Okinawa Grandmas Take on U.S. Base

Progressive Portal Mar 17, 2005

grandmaYoko Yamaguchi, 64, from Ginowan, stages a hunger strike in front of the Defense Facilities Administration Naha Bureau to protest the planned construction of a Marine Corps air station in the waters off Okinawa.

If you think you know what it means to be a dedicated anti-militarism activist, wait until you hear about the grandmothers of Henoko.

Okinawa Island in the southern end of Japan is the reluctant host to one of the biggest concentrations of U.S. military force outside of North America. Twenty percent of the island is covered by military bases. Not content with occupying one-fifth of Okinawa’s landmass, the Pentagon now wants to build an offshore airbase in the pristine waters off Henoko. The military is claiming this is a tradeoff for the mid-1990s promise to close the massive Futenma military base, but Japanese activists have discovered planning documents for the offshore airbase dating to 1965.

Plans indicate offshore base would be built atop fragile coral reefs and sea-grass beds, destroying the habitat of several endangered species, including the gentle dugong, a sea mammal that is a close cousin to the manatee and is a symbol of peace to the Japanese people. Because of this, the Japanese government is required to conduct an environmental assessment that itself will damage the environment, including by drilling dozens of holes in the ocean floor.

The project is at a crucial stage. The first five drilling platforms were recently built offshore. That’s when the grandmothers of Henoko swung into action.

Before the drilling platforms arrived, antimilitary and pro-environment activists, some as old as 90, sat in at government offices for 10 days, occupied the beachfront for more than 250 days and held a 20-day hunger strike. When the action moved offshore, so did the opposition. The scrupulously nonviolent activists, some of whom had not previously learned to swim, became skilled rowers and divers. Former Naha City Council member Suzuyo Takazato tells of 70-year-olds in wet suits diving into the waters to disrupt the attempts to bore holes in the sea floor. At the World Social Forum in Brazil and on a subsequent visit to the U.S., Ms. Takazato displayed pictures of women and elders blocking drilling workers in rowboats and occupying the drilling platforms.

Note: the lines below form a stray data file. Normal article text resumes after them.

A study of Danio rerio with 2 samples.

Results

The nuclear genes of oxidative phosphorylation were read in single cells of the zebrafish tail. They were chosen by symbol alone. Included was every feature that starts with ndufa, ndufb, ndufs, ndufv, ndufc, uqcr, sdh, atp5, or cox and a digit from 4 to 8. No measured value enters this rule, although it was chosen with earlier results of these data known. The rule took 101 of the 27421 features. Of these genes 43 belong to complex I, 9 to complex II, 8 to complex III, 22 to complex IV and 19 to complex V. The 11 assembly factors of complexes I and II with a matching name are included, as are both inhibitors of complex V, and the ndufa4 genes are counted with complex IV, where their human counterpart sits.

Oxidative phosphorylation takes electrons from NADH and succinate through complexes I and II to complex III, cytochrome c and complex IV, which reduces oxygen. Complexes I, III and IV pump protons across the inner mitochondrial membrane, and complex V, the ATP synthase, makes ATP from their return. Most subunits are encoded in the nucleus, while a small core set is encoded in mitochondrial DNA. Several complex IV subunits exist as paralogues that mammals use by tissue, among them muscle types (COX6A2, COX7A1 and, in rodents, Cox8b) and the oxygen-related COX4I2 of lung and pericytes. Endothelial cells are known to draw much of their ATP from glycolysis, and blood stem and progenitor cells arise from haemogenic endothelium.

Okinawan protesters occupied a platform, preventing installation of seabed-drilling equipment. Rowing out to the platforms at 6:30 every morning, day after day, week after week, the resisters have managed to prevent all drilling to date. Workers have not yet been able to install a single drilling engine on any of the platforms.

Other avenues are also being pursued. Citizens voted against the offshore base in a referendum. The mayor, who opposed the airbase, was then called to Tokyo, and after a four-hour closed-door meeting in the prime minister’s office. He declared the people’s wishes null and void – then resigned and was replaced by a pro-base mayor. A lawsuit against the base is proceeding in U.S. federal court. (U.S. groups participating in the lawsuit were introduced to the issue by But thus far, the U.S. and Japanese governments have not budged.

The Japanese subspecies of dugong is highly endangered. Scientists believe there may be as few as 25-50 animals remaining in the wild. While dugongs have no natural enemies, they are at risk because of human activity – including the attempts to conduct the drilling survey prior to building the airbase. If the survey continues, and particularly if the base is built, they will almost surely be wiped out forever.

Activists in Okinawa and Tokyo are asking for help to prevent further base-construction activity and save the endangered creature of the Henoko coral reef.